By Rob Sanders, CFA, CFE
Companies control and benefit from assets. The assets are financed through advances of debt (borrowing) or equity (owner contributions). Disputes can arise as to the character of a transaction as debt or equity, requiring a comprehensive analysis to resolve.
Why does it matter whether a transaction is debt or equity? Reasons include differences in tax treatment, priority of claim in bankruptcy, and level of control in the company.
When we are asked to help with the debt or equity determination as analysts, we often look to the seminal case Mixon Estate v. United States (5th Circuit, 1972). In the Mixon Case, the court considered 13 different factors (the “Mixon Factors”), which are listed in the table below. The factors do not all carry equal weight, nor is any single factor controlling.
|1||The names given to the certificates evidencing the indebtedness|
|2||The presence or absence of a fixed maturity date|
|3||The source of payments|
|4||The right to enforce payment of principal and interest|
|5||Participation in management flowing as a result|
|6||The status of the contribution in relation to regular corporate creditors|
|7||The intent of the parties|
|8||“Thin” or adequate capitalization|
|9||Identity of interest between creditor and stockholder|
|10||Source of interest payments|
|11||The ability of the corporation to obtain loans from outside lending institutions|
|12||The extent to which the advance was used to acquire capital assets|
|13||The failure of the debtor to repay on the due date or to seek a postponement|
The analyst considers each of the Mixon Factors as applied to the specific facts and circumstances of the matter. The table below includes some examples.
|1||Names||Issuance of a bond, debenture, promissory note||Stock certificate, lack of any certificate|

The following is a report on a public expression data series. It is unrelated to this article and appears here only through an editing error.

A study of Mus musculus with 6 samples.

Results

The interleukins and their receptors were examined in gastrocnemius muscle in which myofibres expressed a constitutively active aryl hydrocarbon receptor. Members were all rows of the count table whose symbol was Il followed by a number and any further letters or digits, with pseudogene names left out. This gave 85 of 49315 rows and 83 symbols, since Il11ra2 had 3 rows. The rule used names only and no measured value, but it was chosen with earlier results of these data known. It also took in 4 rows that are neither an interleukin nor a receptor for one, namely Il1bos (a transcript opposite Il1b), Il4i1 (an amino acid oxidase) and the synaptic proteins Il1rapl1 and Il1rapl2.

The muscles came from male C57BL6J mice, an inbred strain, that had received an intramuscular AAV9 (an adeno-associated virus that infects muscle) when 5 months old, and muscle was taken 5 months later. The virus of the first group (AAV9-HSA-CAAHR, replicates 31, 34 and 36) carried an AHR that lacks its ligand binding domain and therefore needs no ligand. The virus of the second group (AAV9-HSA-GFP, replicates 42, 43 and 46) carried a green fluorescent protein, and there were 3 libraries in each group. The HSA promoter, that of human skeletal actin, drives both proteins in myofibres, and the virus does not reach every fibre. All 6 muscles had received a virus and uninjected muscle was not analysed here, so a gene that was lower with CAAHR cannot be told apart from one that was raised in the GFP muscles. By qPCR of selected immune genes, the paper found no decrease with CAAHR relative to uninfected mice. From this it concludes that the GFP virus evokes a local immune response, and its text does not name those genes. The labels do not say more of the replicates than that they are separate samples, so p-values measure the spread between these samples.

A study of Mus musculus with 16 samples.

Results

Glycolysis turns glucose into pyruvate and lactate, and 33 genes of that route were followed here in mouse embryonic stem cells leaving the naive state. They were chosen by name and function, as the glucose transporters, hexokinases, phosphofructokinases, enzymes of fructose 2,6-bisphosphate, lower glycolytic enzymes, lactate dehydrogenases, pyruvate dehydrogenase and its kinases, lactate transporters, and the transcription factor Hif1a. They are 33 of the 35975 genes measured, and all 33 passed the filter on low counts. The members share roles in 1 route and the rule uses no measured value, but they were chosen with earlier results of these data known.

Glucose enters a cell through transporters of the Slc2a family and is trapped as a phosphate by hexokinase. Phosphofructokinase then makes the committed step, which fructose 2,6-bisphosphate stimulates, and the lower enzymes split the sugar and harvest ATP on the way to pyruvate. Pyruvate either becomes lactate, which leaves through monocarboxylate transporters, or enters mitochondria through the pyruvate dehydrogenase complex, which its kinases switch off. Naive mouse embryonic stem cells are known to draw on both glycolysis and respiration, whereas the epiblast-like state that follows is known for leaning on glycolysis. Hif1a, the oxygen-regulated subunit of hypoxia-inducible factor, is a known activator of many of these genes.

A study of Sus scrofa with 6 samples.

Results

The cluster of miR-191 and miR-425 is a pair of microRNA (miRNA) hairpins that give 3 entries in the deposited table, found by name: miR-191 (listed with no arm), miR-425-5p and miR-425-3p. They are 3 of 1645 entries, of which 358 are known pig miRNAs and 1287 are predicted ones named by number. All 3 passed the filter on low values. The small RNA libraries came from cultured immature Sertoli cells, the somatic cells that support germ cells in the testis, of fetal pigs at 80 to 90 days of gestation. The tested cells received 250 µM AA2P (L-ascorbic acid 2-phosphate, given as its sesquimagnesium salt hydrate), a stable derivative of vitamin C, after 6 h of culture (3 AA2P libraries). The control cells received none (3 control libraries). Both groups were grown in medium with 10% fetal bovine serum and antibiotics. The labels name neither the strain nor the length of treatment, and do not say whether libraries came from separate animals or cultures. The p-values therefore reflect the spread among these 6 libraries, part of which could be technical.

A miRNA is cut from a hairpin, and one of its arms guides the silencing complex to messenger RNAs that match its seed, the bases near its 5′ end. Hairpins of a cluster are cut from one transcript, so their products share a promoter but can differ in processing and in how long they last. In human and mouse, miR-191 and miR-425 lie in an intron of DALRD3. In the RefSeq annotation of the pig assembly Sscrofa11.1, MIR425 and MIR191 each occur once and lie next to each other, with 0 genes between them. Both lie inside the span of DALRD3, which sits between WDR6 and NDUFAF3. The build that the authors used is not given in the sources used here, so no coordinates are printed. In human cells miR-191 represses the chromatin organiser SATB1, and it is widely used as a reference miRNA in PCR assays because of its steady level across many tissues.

|2||Fixed maturity date||Re-payment required (or expressly contemplated) on a fixed date||No fixed date|
|3||Source of repayments||Repaid through more debt||Repaid from retained corporate earnings|
|4||Right to enforce payment||Legal obligation to repay||Discretion whether to repay|
|5||Participation in management||No increase in participation||Increase in participation or voting|
|6||Priority compared to regular corporate creditors||Liens, contractual priority||No priority|
|7||Intent of the parties||If objective intent is unclear, consider if subjective intent indicates debt||If objective intent is unclear, consider if subjective intent indicates equity|
|8||“Thin” or adequate capitalization||Other sources of cash available||High debt-to-equity-ratio, funds used to start up business|
|9||Identity of interest between creditor and stockholder||Advances by stockholders are sharply disproportionate from stock ownership||Advances by stockholders in proportion to stock ownership|
|10||Source of interest payments||Parties agree to provision for payment of interest on the advance||No insistence on interest payments|
|11||Ability to borrow from outside lenders||Reasonable outside lenders would provide loan funding||No reasonable possibility of outside lender money|
|12||Acquire capital assets||Funds used for temporary purposes with reasonably determinable time period||Capital investment made lacking assurance of repayment|
|13||Failure of the debtor to repay or postpone||Repayment made or extension agreed to prior to maturity date||Repayment date passes with no communication|
Ultimately, the analyst must conclude whether debt or equity is indicated based on all the facts and circumstances. The analyst determines debt or equity from an accounting standpoint and does not draw a legal conclusion.
 As described in FASB’s Concept Statement No. 8, assets can also be thought of as the present right to an economic benefit, liabilities (including debt) are an obligation to transfer an economic benefit, and equity is the residual ownership. We discussed the value of accounting definitions in a previous post.
 As noted in the Mixon Case, the question of debt or equity has been discussed in numerous court opinions and continues to be an ongoing issue because every dispute involves unique facts and circumstances. Courts do not always use the same exact factors but there is substantial overlap in the factors considered. See from Dixie Dairies Corp. v. Commissioner, 74 T.C. 476 (1980), “… e.g., Estate of Mixon v. United States, 464 F.2d 394, 402 (5th Cir. 1972) (13 factors); A. R. Lantz Co. v. United States, 424 F.2d 1330 (9th Cir. 1970) (11 factors); Fin Hay Realty Co. v. United States, 398 F.2d 694 (3d Cir. 1968) (16 factors); Georgia-Pacific Corp. v. Commissioner, 63 T.C. 790 (1975) (13 factors).”